110th Congress, 1st Session

The list below identifies non-legislative periods (days that the Senate will not be in session) for 2007.  The schedule is also available in a calendar format (pdf image).

The tentative  schedule for 2008 has been announced.

January 4


Senate Convenes  (Senators sworn in)


January 5

January 8 (Monday)


Senate not in session

Senate reconvenes

January 15                           (Monday)

              January 16

Senate not in session (Martin Luther King, Jr. Day)

             Senate reconvenes

February 19-23

February 19

February 26 (Monday)

Senate not in session

President's Day

 Senate reconvenes

April 2-9

April 8

April 10 (Tuesday)

Senate not in session


Senate reconvenes

May 28-June 1

                          May 28   (Monday)


                          June 4   (Monday)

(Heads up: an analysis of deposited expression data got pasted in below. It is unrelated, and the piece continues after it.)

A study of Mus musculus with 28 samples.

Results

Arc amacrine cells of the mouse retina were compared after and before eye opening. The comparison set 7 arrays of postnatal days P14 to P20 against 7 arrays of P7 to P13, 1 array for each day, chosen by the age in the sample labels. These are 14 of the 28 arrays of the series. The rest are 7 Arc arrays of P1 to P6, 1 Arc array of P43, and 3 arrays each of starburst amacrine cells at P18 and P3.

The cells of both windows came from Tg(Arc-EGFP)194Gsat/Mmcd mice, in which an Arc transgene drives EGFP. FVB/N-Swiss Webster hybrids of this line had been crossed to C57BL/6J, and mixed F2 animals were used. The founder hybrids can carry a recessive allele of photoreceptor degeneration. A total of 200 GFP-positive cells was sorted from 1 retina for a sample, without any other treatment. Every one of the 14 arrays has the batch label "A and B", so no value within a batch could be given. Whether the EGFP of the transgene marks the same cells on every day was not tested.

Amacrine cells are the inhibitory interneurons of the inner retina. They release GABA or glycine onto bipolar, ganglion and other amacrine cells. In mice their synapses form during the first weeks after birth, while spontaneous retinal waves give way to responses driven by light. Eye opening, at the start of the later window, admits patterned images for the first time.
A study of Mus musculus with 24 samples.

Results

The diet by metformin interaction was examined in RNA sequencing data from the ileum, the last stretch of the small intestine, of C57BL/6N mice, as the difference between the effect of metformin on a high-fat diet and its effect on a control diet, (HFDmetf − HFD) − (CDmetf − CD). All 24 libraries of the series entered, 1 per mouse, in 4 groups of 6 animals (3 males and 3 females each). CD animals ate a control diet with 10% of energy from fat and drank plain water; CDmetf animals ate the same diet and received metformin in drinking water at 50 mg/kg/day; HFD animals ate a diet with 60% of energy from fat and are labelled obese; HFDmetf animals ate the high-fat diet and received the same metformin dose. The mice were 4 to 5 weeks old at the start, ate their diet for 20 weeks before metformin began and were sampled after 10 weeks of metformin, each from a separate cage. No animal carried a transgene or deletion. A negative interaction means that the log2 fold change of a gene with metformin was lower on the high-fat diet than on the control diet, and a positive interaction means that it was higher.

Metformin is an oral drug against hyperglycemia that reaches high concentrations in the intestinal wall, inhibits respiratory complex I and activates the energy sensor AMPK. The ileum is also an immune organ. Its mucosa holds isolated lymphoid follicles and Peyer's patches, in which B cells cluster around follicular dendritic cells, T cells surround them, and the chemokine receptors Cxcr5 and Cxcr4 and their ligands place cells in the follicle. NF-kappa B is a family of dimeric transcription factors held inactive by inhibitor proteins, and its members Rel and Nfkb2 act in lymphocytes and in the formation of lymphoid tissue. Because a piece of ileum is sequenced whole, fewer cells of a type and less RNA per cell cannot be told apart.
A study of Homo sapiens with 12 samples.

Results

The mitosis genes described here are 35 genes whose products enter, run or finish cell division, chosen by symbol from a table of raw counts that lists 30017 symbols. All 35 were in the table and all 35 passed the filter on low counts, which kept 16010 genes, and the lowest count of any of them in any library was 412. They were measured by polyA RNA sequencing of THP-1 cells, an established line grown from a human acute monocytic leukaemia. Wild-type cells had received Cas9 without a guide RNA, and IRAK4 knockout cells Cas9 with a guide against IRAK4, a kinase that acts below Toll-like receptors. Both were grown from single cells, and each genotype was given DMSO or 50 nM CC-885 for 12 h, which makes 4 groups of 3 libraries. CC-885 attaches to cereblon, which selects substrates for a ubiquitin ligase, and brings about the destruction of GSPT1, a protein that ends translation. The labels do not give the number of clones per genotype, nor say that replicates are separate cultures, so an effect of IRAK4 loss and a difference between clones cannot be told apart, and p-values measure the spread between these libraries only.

Senate not in session

Memorial Day (observed)

Senate reconvenes

July 2- 6

July 4  

July 9 (Monday)

Senate not in session

Independence Day

Senate reconvenes

August 6- September 3

September 3 (Monday)

September 4 (Tuesday)

Senate not in session (August recess)

              Labor Day

Senate reconvenes

October 8-12

October 8 (Monday)

October 15 (Monday)

Senate not in session                          

             Columbus Day

Senate reconvenes

November 16

Target Adjournment Date


Executive Calendar

The Senate Executive Calendar identifies executive resolutions, treaties, and nominations awaiting floor acton.  

Congressional Schedules

Schedules, which differ from calendars, indicate what the House and Senate intend to discuss on a particular day.

Days in Session

These calendars list the days the Senate met for each session of Congress.

Visit the calendars & schedules VRD page to find out more about this topic.

History of Meeting Places

The Senate and House of Representatives first met in New York City's Federal Hall in March 1789.  Since that time, they have occupied numerous meeting places and quarters.

Virtual Reference Desk

For information on the Senate, Congress, the legislative process and the federal government, the Virtual Reference Desk is a good place to begin.